Two-time All Star shortstop Carlos Correa became a free agent after opting out after the first season of a three year contract with the Minnesota Twins, a move that was expected from the moment that opt out was revealed. The 28 year old’s market was cooler than expected last season, mostly due in part to contending teams not needing a shortstop, resulting in the short term commitment with the Twins in order to keep his options open and try the free agent market when the conditions better suited him.
Many wanted the Baltimore Orioles to pursue Correa last winter for two reasons. One, he’s really good at baseball. Two, Executive Vice President/General Manager Mike Elias, then a Houston Astros front office employee, is credited as being the voice in the Astros draft room that ultimately led them to choose Correa. The Orioles chose not to engage, deciding that it was too soon in the rebuilding process to commit significant cash to the MLB payroll.
One season and 83 wins later, the Baltimore Orioles landscape has transformed and they are now in a prime addition to splash money on upgrades to the big league roster. Sources have told me that they wouldn’t be surprised to see the Orioles walk away with one of the “big four” free agent shortstops (Correa, Xander Bogaerts, Trea Turner, Dansby Swanson) and given the known affinity Elias has for Correa, would he be the perfect fit for the Baltimore Orioles?
Carlos Correa would give the Orioles a bona fide superstar at the shortstop position.
Correa is a known commodity to baseball fans far and wide, as the guy has been a superstar shortstop since he arrived in Houston in 2015. In that time, he’s made two All Star appearances and won the 2017 World Series (say what you will about that), and only 15 players (three shortstops) have accumulated more fWAR. His 130 wRC+ is 32nd highest in baseball since 2015. Among shortstops, he ranks third in on base percentage (.357), fifth in home runs (155), eighth in runs (508), and sixth in slugging percentage (.479) during the same timeframe.
Correa seamlessly fuses his advanced plate discipline with his ability to crush baseballs. His expected wOBA and expected slugging are in the 93rd and 92nd percentiles, respectively. He’s in the upper third of hitters when it comes to average exit velocity but when he gets one on the barrel, he can hit it as hard as just about anyone; only 22 MLB players hit a ball harder than this 114.6 MPH missile. Correa really should’ve been given an extra base for that, what a cruel single.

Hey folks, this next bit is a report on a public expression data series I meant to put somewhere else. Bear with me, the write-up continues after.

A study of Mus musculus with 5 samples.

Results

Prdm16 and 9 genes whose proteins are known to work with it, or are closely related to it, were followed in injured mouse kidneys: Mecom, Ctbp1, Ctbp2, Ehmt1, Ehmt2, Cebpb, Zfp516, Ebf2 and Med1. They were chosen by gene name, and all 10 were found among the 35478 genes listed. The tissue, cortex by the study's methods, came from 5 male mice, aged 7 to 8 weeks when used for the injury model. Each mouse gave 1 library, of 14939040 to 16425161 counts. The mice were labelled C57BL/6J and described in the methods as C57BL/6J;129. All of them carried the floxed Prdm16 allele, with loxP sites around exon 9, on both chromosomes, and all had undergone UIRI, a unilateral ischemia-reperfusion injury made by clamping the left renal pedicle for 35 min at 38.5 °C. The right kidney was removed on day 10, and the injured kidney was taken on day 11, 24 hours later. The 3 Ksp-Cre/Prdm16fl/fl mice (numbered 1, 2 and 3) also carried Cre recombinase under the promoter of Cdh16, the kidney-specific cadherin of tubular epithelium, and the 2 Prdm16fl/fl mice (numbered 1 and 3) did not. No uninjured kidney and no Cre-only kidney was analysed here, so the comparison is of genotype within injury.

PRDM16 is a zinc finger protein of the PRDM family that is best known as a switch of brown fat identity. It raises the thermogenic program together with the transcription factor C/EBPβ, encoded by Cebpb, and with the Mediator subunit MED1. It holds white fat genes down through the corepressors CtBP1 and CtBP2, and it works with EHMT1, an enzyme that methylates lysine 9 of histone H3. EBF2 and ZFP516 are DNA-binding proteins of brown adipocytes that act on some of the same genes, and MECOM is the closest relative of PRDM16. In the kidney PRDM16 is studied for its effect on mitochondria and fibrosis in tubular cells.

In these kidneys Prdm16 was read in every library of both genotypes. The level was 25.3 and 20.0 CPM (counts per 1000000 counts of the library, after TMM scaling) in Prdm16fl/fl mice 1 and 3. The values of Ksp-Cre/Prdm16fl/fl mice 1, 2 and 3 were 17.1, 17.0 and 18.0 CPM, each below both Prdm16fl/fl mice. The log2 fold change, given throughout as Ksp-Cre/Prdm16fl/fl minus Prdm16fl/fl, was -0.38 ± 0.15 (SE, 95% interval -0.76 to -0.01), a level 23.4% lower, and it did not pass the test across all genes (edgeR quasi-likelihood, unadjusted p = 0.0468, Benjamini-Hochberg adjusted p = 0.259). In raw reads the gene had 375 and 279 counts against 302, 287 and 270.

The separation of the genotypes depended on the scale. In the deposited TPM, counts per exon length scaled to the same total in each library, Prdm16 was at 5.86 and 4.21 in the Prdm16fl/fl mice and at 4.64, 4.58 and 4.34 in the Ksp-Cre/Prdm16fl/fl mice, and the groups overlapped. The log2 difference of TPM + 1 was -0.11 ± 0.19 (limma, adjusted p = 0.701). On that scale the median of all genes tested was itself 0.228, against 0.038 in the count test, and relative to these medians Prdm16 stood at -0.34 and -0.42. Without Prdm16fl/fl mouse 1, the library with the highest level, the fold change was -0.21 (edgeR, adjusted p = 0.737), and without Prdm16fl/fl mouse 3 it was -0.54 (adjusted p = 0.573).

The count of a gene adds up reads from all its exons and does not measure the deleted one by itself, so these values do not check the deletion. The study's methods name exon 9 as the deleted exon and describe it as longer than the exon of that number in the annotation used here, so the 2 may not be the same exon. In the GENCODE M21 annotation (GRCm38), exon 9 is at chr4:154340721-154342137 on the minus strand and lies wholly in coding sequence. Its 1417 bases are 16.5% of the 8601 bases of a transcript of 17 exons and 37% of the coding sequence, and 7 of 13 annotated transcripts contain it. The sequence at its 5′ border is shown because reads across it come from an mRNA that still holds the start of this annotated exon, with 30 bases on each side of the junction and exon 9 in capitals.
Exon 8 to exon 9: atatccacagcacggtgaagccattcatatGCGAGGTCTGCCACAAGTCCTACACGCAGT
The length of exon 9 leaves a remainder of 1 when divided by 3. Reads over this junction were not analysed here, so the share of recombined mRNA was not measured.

Worried that Camden Yards would nerf him? Fear not, sweet angel. Baltimore’s new dimensions only would’ve cost Carlos Correa two home runs. When he gets a hold of one, it’s generally far enough to leave any park.
Carlos Correa’s spray chart with Camden Yards superimposed. Source: Baseball Savant
Correa boasts an acute sense of the strike zone and a 10.7% career walk rate you would expect to accompany it. Basically, that means Correa walks roughly 20% more than the average player throughout a season. He’s not entirely strikeout-proof, but he’s rarely going to kill a rally with a free swinging plate appearance.
Correa’s chase rate has consistently rested below league average. Source: Baseball Savant
Carlos Correa’s defensive decline in 2022 could be a red flag for the Baltimore Orioles.
Defense has been a pillar of Correa’s game, even winning a Gold Glove in 2021, but his defensive metrics declined sharply last season to the point of alarm. Correa was in the 97th percentile of qualified defenders in Outs Above Average in 2021. In 2022, he was in the bottom fifth of all defenders regardless of position. What on earth happened? Let’s take a closer look:
Source: Baseball Savant
Almost everything appears in line with his career trends except one area: Correa struggled mightily on plays wherein he had to move to his left. If this decline on plays requiring lateral movement persists, a full-time move to second base would be almost certain considering the length of the contract Correa will command, though he could become just as good of a defender there as he’s been at short.
Carlos Correa could very well end up the highest paid free agent in terms of total dollars – Spotrac projects he will receive an 8 year, $254 million deal. Would that be a wise investment for a player whose defense is potentially in a precipitous decline?
Well, yes. He’s still an elite hitter at his position whether he moves to second base or stays at shortstop. His batted ball statistics have reminded constant throughout his career, which he’s still in the prime of.
Secondly, Correa could demand another contract with opt-outs, giving the team and the player more flexibility. He could very well want to test free agency again in his early 30’s to secure a payday into his 40’s.
Thirdly. The vibes on Orioles Twitter would be absolutely sensational. Many a candle emoji circles have been lit yearning for this day that it just feels right. Carlos Correa for the vibes!